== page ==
Sharoon Javaid, is a Lahore-based young educationist who speaks for a change in country’s education system. He completed early years of education from St. Stephen Cambridge School. He became acquainted with the experience of an away from home, hostel life when he was in grade 5.
“Hostel life taught me great lessons and made me very independent in nature. I was a scout member of group called ‘Path Finders’, somehow I was always interested in community projects and helping people to accomplish something,” he recalls.
“I was always curious to do something extraordinary, something that does not go with the flow and to go against the currents (in a good way). Nor was I too conformist neither rebellious,” this burgeoning education said. Education, however, is not the only arena which became instrumental in the modification of his raison d’être. “I always wanted to express myself so I picked up guitar and started to learn it during 7th grade.
I remember I used to go after a senior friend who was very good at playing guitar and just see him playing so that I can copy him and practice later on. It was in the early years of my life when I developed my interest in photography and astronomy. The only thing that has always fascinated me is ‘stars at night.’” he said.
“I remember,” he said while adding, “my parents bought me a binocular and I used to go on the roof at night and see the stars and planets. I was so informed about the constellations, Milky Way and different terminologies that I read in books. Reading became a hobby of mine at very early age. “
He studied matriculation from St. Peter’s High School, went on to study Intermediate Pre-Med from Forman Christian College and later acquired a BSc (hons) degree from the same institute. This inquisitive fellow in pursuit of more knowledge, went on to study Educational Leadership and Management Beaconhouse National University and acquired an MPhil degree therefore.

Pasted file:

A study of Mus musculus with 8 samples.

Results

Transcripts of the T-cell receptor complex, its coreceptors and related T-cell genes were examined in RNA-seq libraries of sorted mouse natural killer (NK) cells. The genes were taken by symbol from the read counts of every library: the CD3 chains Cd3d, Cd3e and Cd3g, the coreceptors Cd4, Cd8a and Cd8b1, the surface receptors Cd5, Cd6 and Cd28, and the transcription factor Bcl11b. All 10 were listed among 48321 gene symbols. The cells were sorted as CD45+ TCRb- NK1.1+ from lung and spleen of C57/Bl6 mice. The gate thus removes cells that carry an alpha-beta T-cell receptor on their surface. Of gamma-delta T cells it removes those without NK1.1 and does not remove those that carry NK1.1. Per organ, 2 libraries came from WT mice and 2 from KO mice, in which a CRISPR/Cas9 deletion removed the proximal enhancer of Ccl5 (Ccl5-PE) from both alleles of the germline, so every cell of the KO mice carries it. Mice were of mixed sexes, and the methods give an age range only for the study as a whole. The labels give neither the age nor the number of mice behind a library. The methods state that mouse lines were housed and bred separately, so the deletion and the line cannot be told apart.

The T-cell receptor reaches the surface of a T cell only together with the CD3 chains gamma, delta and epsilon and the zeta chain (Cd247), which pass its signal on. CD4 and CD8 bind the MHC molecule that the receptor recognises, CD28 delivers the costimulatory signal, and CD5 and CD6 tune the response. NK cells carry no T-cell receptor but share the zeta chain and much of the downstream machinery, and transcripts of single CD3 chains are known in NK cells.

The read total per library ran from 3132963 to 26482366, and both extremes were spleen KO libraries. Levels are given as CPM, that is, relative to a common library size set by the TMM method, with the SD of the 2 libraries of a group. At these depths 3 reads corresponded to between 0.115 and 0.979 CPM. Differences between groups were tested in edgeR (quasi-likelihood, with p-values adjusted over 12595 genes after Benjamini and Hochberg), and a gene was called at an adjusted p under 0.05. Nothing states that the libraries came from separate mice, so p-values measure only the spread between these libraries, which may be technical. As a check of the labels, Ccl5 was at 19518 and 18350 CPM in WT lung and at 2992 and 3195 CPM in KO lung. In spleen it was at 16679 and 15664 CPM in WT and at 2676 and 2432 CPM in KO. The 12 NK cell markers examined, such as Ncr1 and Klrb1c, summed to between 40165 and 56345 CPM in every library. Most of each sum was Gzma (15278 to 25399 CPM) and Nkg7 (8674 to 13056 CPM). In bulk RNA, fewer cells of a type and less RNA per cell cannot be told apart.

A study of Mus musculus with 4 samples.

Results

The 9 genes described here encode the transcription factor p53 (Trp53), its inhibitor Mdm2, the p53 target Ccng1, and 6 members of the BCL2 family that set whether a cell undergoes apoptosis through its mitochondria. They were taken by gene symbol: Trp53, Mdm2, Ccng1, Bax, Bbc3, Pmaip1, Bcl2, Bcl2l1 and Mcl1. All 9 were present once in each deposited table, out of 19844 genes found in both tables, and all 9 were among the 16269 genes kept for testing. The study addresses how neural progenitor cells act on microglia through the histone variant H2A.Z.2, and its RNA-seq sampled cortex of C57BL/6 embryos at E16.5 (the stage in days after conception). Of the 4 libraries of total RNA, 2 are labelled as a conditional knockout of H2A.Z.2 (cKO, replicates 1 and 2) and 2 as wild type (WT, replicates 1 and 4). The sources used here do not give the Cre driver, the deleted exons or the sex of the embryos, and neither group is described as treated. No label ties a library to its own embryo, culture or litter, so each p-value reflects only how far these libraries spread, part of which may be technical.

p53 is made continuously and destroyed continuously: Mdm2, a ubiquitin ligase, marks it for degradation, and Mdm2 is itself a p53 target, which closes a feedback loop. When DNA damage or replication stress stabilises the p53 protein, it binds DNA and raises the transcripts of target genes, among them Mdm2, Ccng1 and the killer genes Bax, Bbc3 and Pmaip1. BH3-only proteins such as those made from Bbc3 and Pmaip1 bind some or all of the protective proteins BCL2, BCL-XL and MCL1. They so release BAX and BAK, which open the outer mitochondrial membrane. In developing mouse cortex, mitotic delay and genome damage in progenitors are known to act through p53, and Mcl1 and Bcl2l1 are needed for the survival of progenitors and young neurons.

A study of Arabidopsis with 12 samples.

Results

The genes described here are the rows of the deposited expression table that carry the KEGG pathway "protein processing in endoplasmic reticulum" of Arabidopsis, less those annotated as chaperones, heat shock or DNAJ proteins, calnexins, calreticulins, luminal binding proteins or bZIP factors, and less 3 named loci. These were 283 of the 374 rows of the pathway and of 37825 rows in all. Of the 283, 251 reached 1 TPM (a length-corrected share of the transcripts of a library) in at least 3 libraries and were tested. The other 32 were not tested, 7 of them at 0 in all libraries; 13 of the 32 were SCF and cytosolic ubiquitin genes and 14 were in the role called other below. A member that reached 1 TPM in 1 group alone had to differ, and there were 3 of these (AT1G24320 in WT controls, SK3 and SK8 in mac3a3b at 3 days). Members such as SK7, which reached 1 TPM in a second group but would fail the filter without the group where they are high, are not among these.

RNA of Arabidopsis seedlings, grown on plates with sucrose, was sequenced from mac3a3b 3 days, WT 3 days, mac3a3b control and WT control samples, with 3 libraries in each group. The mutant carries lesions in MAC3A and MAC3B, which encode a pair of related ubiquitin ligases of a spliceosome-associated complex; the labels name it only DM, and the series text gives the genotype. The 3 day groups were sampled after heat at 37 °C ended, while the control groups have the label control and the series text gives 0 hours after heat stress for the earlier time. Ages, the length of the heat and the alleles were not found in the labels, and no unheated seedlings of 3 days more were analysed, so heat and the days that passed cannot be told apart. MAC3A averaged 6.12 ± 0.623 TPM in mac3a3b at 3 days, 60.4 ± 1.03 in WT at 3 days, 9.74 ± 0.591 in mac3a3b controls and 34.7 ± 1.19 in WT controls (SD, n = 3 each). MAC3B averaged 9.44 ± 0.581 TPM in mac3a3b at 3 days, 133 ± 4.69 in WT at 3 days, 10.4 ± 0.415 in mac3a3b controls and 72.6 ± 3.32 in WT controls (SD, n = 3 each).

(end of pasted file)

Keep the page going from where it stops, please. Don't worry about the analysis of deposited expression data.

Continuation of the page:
With a scholarly approach and a capacity for procuring more knowledge, he clinched several certificates related to his field some from abroad as well. After amassing this much knowledge, he became engrossed with effective use of modern technology in impartation of education in schools, colleges and universities. Furthermore, he ventured to do his research project in “lack of research-based education in private schools.” Seeing, his highly bespoken skills, a local NGO has harbored him as a member of board of directors.
After all these years of an uphill battle, he snivels,” I’ve been a target of this education system where a child is not given much choice to choose his/her own career. “I was forced to do pre-medical but I had no interest in it at all. So think about those students who are left with no choices at all, the family pressure is exerted so much that they find no other option but to follow their parents’ wishes,” he sounded off.
With a preconception of an “upgraded” education system in Pakistan, he does not hesitates to spur pupils saying, “Especially in Pakistan we have to do a lot of work and I would encourage the youth of this country to come in this field of education and change the things otherwise no one is going to do it for them unless they do it for themselves.”
“I came into education field not by chance,” he retains, “but by one teacher who changed my whole perspective of thinking about education. I feel that we have great potential in our country especially the young generation is full of wonders; they only need someone to believe in them and give them chance to explore their inner skills and talents.”
He endeavours for such a system of impartation of knowledge that along side furnishes students with a deeper sense of much needed morals such as tolerance towards each other. “I believe if we provide such education is our classes that not only equip students with knowledge but also with critical thinking, problem solving skills, tolerance towards each other etc only then true meaning of education can be understood.”
While robustly criticizing currently prevalent out-of-date education system and teaching techniques generally employed in educational institutes he says, “The world is changing at rapid pace and where do we see ourselves, are we teaching 21st century skills to our students, where digital citizenship has come to play now. Getting out of books and discovering new realities is need of time.”
He is presently engaged as a lecturer in the Department of Education at an exalted educational istitute of Lahore, he has started a motion, called “Genius at Work” in his classes.” It allow students to share any skill or talent they have at the end of the semester, during the semester they are given time to explore themselves.”